1. #1
    Senior Member amelia0607's Avatar

    There is a post in the picture section showing a bunny that was done in crayons and heat set onto the fabric. Several of us asked how to do this. So I decided to look it up. Here are a few links to what I found:

    http://www.ehow.com/how_5072688_heat...on-quilts.html

    http://www.mesew.com/crayonart.html

    Looks like fun and something I would like to try in the future! For those of you that have tried this, I would love to hear how you do it!!

    Thanks

  2. #2
    Super Member DOTTYMO's Avatar
    Finished is better than a UFO

  3. #3

    Power Poster dunster's Avatar


    When tracing your design or coloring, place your fabric on a sheet of fine grit sandpaper, which stabilizes the fabric. Use a Sharpie for nice crisp lines. Press down HARD with the crayons. Remember that the color will only be as intense as the amount of crayon that is on your fabric. You can use any type of wax-based crayons.

    You can use any kind of paper to absorb the wax, just make sure that whatever touches your fabric is plain (if you work in an office, copy paper that is clean on one side works great). Brown paper sacks and brown wrapping paper work well, too. Freezer paper does not. If you use newspaper, cover it with plain paper so the ink is not transferred to the fabric. PRESS, do not iron. And press until you are sure that all the wax has melted off, which may mean changing the paper underneath. Do not use steam.

  7. #7

  8. #8
    Super Member GrannieAnnie's Avatar
    There is a post in the picture section showing a bunny that was done in crayons and heat set onto the fabric. Several of us asked how to do this. So I decided to look it up. Here are a few links to what I found:

    http://www.ehow.com/how_5072688_heat...on-quilts.html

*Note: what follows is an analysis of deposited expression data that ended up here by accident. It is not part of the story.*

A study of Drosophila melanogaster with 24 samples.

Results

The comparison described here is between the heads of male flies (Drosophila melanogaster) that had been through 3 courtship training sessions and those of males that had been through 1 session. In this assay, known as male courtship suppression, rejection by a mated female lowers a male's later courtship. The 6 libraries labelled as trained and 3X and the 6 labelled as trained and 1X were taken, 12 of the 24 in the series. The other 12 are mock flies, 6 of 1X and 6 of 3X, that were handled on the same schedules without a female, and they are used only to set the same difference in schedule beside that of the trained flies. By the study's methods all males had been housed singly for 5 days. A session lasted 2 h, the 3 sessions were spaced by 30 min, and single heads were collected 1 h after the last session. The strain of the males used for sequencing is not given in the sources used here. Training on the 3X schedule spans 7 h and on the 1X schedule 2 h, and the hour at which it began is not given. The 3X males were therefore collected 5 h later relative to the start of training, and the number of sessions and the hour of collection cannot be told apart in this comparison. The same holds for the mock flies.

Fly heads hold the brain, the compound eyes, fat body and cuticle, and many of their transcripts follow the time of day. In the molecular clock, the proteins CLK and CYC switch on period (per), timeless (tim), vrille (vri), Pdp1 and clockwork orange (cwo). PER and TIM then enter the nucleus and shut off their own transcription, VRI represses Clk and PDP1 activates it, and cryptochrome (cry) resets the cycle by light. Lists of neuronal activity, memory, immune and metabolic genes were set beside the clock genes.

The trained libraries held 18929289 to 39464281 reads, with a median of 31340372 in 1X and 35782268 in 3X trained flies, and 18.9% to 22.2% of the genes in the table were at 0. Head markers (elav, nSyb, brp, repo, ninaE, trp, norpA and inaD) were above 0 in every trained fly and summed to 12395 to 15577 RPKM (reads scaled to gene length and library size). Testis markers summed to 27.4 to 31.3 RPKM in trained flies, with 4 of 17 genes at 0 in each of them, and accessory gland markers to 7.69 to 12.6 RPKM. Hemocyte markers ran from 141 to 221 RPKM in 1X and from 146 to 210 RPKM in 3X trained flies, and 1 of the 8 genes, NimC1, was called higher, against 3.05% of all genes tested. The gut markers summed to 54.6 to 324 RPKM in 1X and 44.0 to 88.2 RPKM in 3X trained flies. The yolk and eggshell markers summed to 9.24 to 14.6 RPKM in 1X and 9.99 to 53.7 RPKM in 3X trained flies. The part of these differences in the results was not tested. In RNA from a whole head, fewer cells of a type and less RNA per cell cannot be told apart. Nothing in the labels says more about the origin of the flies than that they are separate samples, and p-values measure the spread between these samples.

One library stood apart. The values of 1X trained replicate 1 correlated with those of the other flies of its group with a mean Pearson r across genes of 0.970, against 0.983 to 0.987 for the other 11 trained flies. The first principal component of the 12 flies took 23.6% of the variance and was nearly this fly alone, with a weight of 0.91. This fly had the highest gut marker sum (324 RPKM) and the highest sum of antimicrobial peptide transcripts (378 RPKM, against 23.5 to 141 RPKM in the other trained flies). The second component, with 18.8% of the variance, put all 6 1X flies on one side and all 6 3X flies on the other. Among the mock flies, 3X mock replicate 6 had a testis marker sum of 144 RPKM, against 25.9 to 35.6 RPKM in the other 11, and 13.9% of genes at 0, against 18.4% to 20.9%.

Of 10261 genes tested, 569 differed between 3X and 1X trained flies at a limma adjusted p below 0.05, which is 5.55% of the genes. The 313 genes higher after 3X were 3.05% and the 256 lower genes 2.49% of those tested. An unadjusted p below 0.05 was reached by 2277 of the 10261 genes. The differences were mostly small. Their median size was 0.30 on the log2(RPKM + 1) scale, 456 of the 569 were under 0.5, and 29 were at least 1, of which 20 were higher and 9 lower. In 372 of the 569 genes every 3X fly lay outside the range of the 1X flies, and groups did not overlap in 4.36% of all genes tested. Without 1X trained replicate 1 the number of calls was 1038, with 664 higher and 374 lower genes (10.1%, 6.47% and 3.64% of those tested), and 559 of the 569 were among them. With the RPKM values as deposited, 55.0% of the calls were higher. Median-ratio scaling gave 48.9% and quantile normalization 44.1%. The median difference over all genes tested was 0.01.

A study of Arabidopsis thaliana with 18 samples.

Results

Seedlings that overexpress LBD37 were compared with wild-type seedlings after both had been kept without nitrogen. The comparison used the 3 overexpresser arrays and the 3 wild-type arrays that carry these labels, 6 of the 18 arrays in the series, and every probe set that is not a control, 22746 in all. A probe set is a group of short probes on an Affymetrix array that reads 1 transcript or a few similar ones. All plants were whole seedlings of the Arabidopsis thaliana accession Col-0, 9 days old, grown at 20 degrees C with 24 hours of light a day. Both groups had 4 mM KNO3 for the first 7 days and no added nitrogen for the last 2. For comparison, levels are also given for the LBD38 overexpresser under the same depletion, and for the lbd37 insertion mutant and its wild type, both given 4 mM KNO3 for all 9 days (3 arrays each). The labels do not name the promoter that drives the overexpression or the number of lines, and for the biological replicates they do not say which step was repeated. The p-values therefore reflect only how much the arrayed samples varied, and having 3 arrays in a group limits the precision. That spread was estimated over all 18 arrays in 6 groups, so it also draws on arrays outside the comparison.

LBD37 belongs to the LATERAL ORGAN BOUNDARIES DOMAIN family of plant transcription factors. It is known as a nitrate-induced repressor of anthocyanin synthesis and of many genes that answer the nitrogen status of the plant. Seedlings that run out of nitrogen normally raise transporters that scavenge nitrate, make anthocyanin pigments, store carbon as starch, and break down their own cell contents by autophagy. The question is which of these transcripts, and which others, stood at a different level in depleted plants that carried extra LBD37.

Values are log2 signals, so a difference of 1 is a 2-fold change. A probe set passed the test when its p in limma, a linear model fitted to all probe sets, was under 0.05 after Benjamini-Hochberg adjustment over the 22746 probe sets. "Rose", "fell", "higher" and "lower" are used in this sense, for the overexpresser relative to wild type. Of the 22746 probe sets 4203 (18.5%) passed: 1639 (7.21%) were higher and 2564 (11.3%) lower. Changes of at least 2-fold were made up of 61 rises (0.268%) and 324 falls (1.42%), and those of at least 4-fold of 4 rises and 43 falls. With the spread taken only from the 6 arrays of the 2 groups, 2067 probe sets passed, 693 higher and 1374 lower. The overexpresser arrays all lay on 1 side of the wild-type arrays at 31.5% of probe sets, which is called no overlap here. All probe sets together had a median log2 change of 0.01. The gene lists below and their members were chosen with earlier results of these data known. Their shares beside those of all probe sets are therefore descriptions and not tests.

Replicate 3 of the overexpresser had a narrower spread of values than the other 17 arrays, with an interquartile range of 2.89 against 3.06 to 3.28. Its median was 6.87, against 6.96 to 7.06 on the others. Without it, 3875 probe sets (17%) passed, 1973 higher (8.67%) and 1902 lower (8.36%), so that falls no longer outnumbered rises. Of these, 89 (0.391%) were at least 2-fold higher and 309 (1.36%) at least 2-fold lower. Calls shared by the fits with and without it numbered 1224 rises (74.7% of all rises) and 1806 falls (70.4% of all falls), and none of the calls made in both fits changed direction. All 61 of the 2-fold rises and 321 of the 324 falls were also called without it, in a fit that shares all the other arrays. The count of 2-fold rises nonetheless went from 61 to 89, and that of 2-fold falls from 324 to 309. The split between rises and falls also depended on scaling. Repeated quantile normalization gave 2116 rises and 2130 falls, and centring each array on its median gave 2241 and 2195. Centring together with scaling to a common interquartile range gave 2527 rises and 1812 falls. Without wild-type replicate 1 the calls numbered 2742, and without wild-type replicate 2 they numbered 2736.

http://www.mesew.com/crayonart.html

    Looks like fun and something I would like to try in the future! For those of you that have tried this, I would love to hear how you do it!!

    Thanks
    Crayola has a special set of crayons meant for iron setting. Kids at our church made a really cute quilt with the crayons.
    Super Member misseva's Avatar
    TwandasMom

  10. #10

    If you use the special fabric crayons, you will color the picture on paper and iron the design off onto fabric. Just remember that your design will be mirrored. Either way works but the fabric crayons are so much more expensive.

  11. #11
    Power Poster ube quilting's Avatar

    I ironed a piece of freezer paper to the back of the muslin to stabilize the fabric.
    Using a light box or window, traced Sue onto the front of fabric with a fine point pigma pen or a lead pencil. The freezer paper is no problem to see your choice of motif through.

    After tracing, Do your coloring with any wax based crayon. Use a light touch to begin and add more color till you get the look you want and to get the shading.

    After the coloring is done, peel the freezer paper off the back, lay the coloring flat and put a layer of paper towels over it. Press the coloring until no more wax come s up onto the toweling. You have to change the paper towels a couple of times or more depending on how much wax crayon is in the fabric.

    When paper towels are clean you are ready to finish your project. I stem stitched around my girl after coloring her.
    Super Member GrannieAnnie's Avatar
    I use Crayola crayons. The preferred fabric is a solid (like muslin) and I enforce it with freezer paper before coloring. If I want to blend colors I often start with a white crayon. When it is time to remove the wax, I remove the freezer paper and sandwich the piece between a brown grocery paper sack on the bottom and paper towels on the top. The wax will be removed but the color stays. If the color is not saturated enough, I go over it with more crayon and repeat. It is best to do any outlines before adding the wax or it will act like a resist and not accept the pen markers. It is also nice to add embroidery outline but that can be done after the coloring.

    If you use the special fabric crayons, you will color the picture on paper and iron the design off onto fabric. Just remember that your design will be mirrored. Either way works but the fabric crayons are so much more expensive.
    It's very easy to simply draw on your fabric with the special crayons. Actually much easier than drawing on paper and transferring. And easy to blend colors that way too.

    Actually I had to resort to that method when working with kids, because I couldn't even make the moms understand about mirroring.